Here you will find:


Airedale Academy's Performing Arts Curriculum Intent Statement



We believe that students deserve a broad and ambitious Performing Arts curriculum, rich in skills and knowledge, which immerses students in a range of styles. The curriculum will encourage students to become confident and independent thinkers, who will be able to create original work and critically analyse professional and non-professional repertoire. Students will have an appreciation of their own work and that of others, always demonstrating respect and empathy.


Our Performing Arts curriculum will give students the opportunity to:

develop creativity through understanding the benefits of participation in the arts, performance and creativity during their school journey

develop co-operation & collaboration

develop confidence in communication through developing vocal skills, movement/physical skills and instrumental skills

explore social issues though Performing Arts to develop tolerance and understanding

be exposed to different peoples’ perspectives and emotions on issues and events

be exposed to and use subject specific vocabulary effectively

study the history and influence of different practitioners, choreographers and composers on modern day Drama, Dance and Music

develop an understanding of how to apply and analyse different stylistic qualities such as Naturalism and Physical theatre in Drama. Choreography and Motifs in Dance. Composition, Performing and Listening in Music.

develop an ability to evaluate their own and others’ work


 Implementation - Design

The Performing Arts Department has a firm philosophy founded on preparing the minds of young people to cope with the outside world as well as educating students about theatre and its history. The department holds firm the 6C’s principles throughout all lessons:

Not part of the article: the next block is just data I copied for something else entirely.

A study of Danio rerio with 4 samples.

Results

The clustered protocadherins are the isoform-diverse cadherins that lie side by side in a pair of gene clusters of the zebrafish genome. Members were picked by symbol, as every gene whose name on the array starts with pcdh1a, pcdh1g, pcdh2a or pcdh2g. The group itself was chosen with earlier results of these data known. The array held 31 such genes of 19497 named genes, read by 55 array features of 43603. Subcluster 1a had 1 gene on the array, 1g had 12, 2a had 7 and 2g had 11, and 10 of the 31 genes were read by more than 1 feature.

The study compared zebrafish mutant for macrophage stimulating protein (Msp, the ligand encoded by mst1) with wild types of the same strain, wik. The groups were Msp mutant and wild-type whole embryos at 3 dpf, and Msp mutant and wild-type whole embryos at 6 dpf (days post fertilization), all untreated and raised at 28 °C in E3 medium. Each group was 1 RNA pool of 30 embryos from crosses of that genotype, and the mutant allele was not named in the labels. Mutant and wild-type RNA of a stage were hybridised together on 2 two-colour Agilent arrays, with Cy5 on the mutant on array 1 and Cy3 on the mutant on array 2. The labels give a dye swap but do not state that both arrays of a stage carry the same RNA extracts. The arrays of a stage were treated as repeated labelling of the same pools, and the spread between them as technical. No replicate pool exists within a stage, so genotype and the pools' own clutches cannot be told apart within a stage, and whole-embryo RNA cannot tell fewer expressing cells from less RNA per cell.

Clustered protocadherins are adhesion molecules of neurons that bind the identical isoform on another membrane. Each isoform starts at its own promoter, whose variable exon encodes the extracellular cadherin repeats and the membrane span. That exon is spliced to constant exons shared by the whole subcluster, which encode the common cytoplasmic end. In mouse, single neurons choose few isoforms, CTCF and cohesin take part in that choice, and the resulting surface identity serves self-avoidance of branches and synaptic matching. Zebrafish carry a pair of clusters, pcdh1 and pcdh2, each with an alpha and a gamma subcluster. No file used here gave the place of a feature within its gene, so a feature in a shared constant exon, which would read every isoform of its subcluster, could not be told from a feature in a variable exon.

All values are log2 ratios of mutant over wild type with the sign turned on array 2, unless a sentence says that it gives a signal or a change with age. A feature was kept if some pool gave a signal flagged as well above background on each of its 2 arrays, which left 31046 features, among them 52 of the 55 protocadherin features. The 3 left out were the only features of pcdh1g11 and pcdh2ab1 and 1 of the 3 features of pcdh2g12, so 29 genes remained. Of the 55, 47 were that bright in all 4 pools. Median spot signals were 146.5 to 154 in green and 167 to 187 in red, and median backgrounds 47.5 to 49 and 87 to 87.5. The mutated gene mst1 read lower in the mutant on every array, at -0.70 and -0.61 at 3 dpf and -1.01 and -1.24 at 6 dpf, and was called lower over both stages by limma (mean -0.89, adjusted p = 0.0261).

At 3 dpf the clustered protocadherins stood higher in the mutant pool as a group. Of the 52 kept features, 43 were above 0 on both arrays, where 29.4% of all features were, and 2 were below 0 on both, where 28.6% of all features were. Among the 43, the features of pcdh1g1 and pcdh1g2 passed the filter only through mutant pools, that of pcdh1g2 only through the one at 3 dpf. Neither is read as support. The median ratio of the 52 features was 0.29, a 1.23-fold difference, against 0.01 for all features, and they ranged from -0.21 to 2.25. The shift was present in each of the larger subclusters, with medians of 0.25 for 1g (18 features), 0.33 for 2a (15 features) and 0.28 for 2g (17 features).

1) Confidence

2) Communication

3) Co-operation

4) Creativity

5) Commitment

6) Control

Students use the above principles to explore given cultural and social issues in Drama, Dance and Music. They also learn about artistic intention with schemes based around plays, playwrights, directors, theatrical techniques, choreographers, dance practitioners/companies, composers, conductors, musicians and musical directors.  The department believes strongly that the vast amount of theatrical literature, dance performances and music from other cultures to be found in the world should not be ignored.

Students are assessed on the ideas that they contribute to the process of devising and performing original work and must produce a written log to track their progress. They also perform extracts of professional repertoire that can be a combination of group performance or solo performance. In addition, students explore, research and analyse live performance and the roles and responsibilities of the practitioners involved in creating that particular area within the Performing Arts industry. Students are given the opportunity to see a piece of live professional theatre, dance or music to prepare them for this and will be encouraged to see many examples of live theatre and music throughout the course to inspire and challenge them further.

Throughout the curriculum students explore a variety of performances (text based, movement based and music based) that will challenge their understanding of life in the outside world. Students are expected to approach the course with a high level of maturity and are encouraged to embrace the holistic study of the Performing Arts. Students are assessed on the ideas that they contribute to discussion and the process of creating Drama, Dance and Music. All practical elements are assessed on students' ability to create, perform and analyse each discipline with accuracy, flair and creativity.